Astellas Pays $50M for Access to Taysha's Rett, GAN Programs
The pact supports “our strategy to accelerate the development timelines and increase the probability of success across our pipeline,” said R.A. Session II, Taysha’s founder, president and CEO, during a call with reporters.
Under the terms of the arrangement, Astellas is investing $50 million to acquire 15% of Taysha’s outstanding common stock. Astellas also picks up an exclusive option to license two of Taysha’s clinical-stage gene therapy programs, TSHA-102 for Rett syndrome and TSHA-120 for GAN.
Rett syndrome is a severe genetic neurodevelopmental disorder caused by a mutation in the MECP2 gene, which is needed for neuronal and synaptic function in the brain. It occurs mostly in women and is one of the most common genetic diseases causing severe intellectual disability, globally.
GAN (giant axonal neuropathy) is a rare inherited genetic disorder that affects the central and peripheral nervous systems. It is the result of loss-of-function mutations in the gene coding for gigaxonin, resulting in dysregulation of intermediate filament turnover, a vital structural component of the cell.
“Astellas will also receive one board observer seat on the Taysha Board of Directors, which allows strategic alignment with Astellas and enables Taysha to leverage Astellas’ gene therapy expertise and manufacturing capabilities,” Session said.
"The next six to 12 months are going to be a busy time for Taysha,” said Kamran Alam, the company's CFO.
In December 2022, Taysha is holding a post-Phase II Type B meeting with the FDA and expects minutes and feedback from that meeting in January.
In the first half of 2023, Taysha expects to report preliminary data on the clinical study of TSHA-102 in Rett. It also plans to initiate a female pediatric study in Rett syndrome during the same time period.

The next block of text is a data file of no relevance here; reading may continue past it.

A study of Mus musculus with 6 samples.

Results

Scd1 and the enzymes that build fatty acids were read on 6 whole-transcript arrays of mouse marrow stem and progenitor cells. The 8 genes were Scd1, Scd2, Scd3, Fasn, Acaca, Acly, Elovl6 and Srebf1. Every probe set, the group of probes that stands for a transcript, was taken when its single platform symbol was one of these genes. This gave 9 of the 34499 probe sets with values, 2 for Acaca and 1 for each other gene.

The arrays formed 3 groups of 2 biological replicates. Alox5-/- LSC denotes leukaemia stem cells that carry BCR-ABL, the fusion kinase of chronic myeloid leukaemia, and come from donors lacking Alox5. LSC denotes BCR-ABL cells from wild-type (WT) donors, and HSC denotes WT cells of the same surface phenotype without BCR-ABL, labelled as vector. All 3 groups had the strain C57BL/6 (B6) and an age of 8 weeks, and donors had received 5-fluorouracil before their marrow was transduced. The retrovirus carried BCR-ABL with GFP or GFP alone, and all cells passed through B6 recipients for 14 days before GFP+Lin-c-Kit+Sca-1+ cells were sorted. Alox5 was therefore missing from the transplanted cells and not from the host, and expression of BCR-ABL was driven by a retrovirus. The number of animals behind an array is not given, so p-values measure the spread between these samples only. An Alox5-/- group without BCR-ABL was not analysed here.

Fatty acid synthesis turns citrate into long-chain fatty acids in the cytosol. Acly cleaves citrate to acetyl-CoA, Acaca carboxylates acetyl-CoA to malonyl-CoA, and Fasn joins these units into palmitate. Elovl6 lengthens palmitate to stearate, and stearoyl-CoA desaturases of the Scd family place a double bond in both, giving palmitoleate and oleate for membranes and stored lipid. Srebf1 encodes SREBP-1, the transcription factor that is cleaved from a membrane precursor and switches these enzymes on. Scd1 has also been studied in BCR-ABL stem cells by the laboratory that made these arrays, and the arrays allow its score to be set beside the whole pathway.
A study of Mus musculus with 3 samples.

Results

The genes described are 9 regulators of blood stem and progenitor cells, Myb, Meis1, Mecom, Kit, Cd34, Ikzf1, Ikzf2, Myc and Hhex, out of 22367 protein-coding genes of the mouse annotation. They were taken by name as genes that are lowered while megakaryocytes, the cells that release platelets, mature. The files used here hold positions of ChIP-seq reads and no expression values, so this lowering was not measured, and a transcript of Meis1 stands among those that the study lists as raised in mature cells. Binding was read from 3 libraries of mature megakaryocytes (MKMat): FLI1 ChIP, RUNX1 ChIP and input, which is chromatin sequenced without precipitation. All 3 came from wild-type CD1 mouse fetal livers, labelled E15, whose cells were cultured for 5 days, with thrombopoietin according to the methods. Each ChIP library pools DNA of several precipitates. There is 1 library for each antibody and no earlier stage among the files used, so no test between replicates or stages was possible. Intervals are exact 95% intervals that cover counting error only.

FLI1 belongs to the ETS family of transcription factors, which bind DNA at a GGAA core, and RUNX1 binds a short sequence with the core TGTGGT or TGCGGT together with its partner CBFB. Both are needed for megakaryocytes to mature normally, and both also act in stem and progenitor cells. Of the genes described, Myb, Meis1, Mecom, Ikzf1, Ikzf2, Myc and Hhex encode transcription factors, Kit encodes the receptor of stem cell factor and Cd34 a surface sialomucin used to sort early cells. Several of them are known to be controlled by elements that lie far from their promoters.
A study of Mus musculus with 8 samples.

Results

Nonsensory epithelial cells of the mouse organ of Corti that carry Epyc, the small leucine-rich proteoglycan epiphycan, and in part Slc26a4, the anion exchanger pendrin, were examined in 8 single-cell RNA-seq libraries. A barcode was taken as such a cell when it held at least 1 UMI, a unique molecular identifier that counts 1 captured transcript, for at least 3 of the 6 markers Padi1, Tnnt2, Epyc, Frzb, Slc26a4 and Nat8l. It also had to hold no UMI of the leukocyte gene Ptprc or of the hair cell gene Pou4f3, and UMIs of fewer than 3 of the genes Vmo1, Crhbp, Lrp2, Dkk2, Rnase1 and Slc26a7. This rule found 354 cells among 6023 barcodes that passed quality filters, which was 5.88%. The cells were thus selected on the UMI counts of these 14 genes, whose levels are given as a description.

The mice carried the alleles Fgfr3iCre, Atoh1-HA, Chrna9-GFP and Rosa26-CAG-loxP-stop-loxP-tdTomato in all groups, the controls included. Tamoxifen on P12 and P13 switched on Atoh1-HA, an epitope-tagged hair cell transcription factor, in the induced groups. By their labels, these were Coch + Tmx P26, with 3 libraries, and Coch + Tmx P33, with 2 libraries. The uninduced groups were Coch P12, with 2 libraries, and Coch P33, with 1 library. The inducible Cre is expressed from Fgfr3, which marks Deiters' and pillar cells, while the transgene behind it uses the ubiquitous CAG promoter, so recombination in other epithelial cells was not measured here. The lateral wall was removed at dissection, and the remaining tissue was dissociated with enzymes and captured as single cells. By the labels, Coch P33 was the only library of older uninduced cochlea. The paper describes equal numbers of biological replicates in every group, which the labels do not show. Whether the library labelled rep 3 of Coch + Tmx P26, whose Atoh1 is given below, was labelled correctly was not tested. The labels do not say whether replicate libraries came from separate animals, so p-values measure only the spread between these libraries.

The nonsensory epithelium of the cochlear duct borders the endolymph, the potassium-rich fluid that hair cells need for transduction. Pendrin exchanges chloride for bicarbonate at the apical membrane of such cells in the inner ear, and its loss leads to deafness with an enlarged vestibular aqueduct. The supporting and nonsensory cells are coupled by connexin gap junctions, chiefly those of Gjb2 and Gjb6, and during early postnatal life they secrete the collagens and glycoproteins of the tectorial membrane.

Alam said that although Astellas could trigger its licensing options immediately, it is more likely to be “tied to two key events” — the results of the FDA Type B meeting and the preliminary data readout.
Citing Astellas’ creativity in negotiating the terms of the deal, Alam said the “economics are negotiated at the time of the opt-in” … which provides “nice ways to model that…. Their flexibility on this for us was one of the key aspects of this deal.”
The primary use of the $50 million will be geared toward clinical operations of the two programs.
The company expects the funding will provide cash runway into the fourth quarter of 2023.
Session said the deal builds upon Astella’s acquisition of Audentes.
Astellas acquired San Francisco-based Audentes Therapeutics in December 2019 for a total equity value of about $3 billion. The acquisition added an additional Primary Focus Area, Genetic Regulation, to Astella’s three primary areas: Blindness & Regeneration; Mitochondria Biology; and Immuno-Oncology.
In June 2022, Astellas opened its Gene Therapy Manufacturing Facility in North Carolina.
“We run very similar manufacturing platforms,” Alam said. "It’s a very similar manufacturing process that I think we will be able to utilize quickly.”
Naoki Okamura, Astellas’ chief strategy officer said gene therapy is the cornerstone of Astellas' primary focus - genetic regulation.